This project addresses the broad area of translational science to develop drugs for malaria. There are no effective vaccines for human malaria and the efficacy of the available drugs, which are not free of toxicity, is declining as resistance emerges. Thus, there is a strong impetus to discover new drugs for malaria, which will have enormous impact on human health, scientific advancement in antimalarial research and extramural funding opportunities from from public and/or private research organizations (e.g., NIH, MMV).
The main objective of this project is to develop anti-malarial drugs based on a recent discovery by the PI of cyclen-quinoline analogs as potent (both in vitro and in vivo) antimalarial agents against chloroquine-resistant and chloroquine-sensitive malarial parasites. Both improved lead as well as better synthetic technique for the existing lead will be developed applying the knowledge based structure activity relastionship and organic synthesis techniques. Thus a series of newer cyclen bisquinoline analogs and their Fe (III)-complexes will be synthesized. The compounds will be analyzed for in vitro antimalarial activity to selct 4 most potent compounds. These will be further screened for in vivo antimalarial activity in mice model. In addition, the existing most potent cyclen-bisquinoline lead structure will be analyzed for its single dose curative ability in the mice model, which is an important criteria to consider it as a clinical candidate. In vitro microsomal stability study will also be performed to address important PK/PD parameters.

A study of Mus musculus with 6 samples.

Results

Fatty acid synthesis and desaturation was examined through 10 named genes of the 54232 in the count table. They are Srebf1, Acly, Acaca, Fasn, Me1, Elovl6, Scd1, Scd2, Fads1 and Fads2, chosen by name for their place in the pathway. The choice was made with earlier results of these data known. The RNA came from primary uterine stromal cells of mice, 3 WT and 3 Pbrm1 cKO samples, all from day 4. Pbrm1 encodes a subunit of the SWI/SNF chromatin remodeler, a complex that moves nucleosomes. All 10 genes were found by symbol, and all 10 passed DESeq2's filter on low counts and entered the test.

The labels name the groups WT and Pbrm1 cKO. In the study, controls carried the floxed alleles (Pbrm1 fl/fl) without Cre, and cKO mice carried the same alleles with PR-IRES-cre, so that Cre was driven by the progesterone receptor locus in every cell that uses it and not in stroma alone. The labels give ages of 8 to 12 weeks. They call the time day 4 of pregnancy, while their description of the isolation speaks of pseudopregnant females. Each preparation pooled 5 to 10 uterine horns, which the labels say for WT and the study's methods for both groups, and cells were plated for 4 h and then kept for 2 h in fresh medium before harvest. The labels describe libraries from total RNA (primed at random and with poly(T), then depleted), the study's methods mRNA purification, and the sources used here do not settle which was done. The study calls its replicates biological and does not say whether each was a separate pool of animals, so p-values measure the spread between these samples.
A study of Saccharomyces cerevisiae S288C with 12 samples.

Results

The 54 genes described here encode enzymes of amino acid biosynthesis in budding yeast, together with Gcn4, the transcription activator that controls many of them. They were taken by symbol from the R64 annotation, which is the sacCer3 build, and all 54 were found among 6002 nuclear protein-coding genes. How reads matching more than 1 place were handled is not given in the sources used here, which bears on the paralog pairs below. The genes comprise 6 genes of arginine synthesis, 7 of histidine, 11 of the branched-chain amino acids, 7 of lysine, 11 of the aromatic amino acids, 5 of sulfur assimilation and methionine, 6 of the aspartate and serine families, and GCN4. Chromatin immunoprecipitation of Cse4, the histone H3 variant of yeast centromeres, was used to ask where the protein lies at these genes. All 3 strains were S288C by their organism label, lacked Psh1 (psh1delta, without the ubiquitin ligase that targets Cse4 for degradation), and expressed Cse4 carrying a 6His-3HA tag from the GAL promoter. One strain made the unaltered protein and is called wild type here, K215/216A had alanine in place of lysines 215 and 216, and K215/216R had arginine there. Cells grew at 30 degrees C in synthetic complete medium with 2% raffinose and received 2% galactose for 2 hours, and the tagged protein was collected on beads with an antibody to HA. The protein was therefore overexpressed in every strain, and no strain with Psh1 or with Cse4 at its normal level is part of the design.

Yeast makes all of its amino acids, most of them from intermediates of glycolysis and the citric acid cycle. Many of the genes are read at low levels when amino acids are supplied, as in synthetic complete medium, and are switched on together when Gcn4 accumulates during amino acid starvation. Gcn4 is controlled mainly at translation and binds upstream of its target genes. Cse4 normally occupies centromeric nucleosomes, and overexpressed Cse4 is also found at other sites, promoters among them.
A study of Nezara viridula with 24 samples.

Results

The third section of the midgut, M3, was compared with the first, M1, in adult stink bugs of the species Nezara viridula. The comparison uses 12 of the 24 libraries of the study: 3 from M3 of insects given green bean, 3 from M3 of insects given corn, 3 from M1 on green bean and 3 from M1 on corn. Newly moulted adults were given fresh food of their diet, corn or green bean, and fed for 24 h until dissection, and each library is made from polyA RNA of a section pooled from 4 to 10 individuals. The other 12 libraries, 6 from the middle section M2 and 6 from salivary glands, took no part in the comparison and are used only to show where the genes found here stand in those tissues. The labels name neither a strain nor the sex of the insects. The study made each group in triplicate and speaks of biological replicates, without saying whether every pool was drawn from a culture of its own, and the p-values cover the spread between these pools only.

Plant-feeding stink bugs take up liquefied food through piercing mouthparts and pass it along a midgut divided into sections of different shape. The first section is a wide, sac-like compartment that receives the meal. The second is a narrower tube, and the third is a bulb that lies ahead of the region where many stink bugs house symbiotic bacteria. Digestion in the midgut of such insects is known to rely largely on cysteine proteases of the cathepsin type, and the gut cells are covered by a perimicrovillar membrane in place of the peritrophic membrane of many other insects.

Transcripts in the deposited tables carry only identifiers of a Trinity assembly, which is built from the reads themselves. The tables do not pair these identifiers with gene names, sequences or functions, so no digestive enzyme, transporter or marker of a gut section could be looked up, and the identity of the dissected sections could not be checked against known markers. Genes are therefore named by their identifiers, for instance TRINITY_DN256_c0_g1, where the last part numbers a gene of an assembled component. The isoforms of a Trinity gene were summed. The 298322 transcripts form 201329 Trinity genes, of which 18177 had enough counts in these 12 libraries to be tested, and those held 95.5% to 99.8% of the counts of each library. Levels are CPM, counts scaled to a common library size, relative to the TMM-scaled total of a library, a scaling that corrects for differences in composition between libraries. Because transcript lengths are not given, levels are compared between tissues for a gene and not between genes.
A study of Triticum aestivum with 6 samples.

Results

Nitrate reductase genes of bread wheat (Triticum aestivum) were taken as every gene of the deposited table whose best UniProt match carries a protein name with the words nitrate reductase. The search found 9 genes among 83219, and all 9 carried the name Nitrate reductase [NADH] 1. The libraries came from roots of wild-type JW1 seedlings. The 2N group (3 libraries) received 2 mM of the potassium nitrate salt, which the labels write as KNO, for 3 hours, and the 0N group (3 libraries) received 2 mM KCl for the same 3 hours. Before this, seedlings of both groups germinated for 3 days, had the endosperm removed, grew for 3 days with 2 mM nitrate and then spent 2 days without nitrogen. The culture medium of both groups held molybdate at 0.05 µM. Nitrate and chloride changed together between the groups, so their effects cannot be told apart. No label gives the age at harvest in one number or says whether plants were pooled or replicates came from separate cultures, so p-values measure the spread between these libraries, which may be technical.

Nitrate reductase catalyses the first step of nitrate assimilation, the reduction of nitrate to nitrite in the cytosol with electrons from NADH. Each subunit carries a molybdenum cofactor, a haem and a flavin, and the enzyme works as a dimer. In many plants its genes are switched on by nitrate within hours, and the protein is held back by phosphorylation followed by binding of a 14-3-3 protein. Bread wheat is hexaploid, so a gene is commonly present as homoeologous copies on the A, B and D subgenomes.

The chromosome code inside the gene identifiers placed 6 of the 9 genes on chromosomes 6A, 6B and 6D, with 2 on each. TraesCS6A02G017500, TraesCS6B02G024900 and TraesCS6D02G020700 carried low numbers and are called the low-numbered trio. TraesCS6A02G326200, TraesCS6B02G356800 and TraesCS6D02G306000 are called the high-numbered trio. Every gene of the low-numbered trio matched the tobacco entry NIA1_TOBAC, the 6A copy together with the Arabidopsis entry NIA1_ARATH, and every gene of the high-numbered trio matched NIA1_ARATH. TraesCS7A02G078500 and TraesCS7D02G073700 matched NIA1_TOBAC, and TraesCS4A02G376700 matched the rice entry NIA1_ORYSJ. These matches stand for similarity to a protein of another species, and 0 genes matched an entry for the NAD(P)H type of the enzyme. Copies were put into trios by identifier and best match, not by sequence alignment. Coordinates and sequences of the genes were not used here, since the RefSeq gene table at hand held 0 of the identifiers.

In the long term, in vivo toxicology and oral bioavailability as well as hERG assay to predict cardiac toxicity, which are considered important preclinical evaluations, will also be conducted.
The projet will involve wide range of research opportunity in the area of biomedical sciences. Considering the overall research opportunity, the generation of scientific knowledge, involvement of a wide range of technologies, the infected populations and the resulting economic burdens, the impact of this project will be major.
This project addresses discovery of drugs to treat malaria, a neglected tropical disease that causes about 515 million cases each year killing 1-3 million people. Current US military personnel remain susceptible to malaria just like veterans of wars. Moreover, it will expose the undergraduate/Pharm.D. students to a highly significant research activity in the area of biomedical sciences emphasizing public health problem.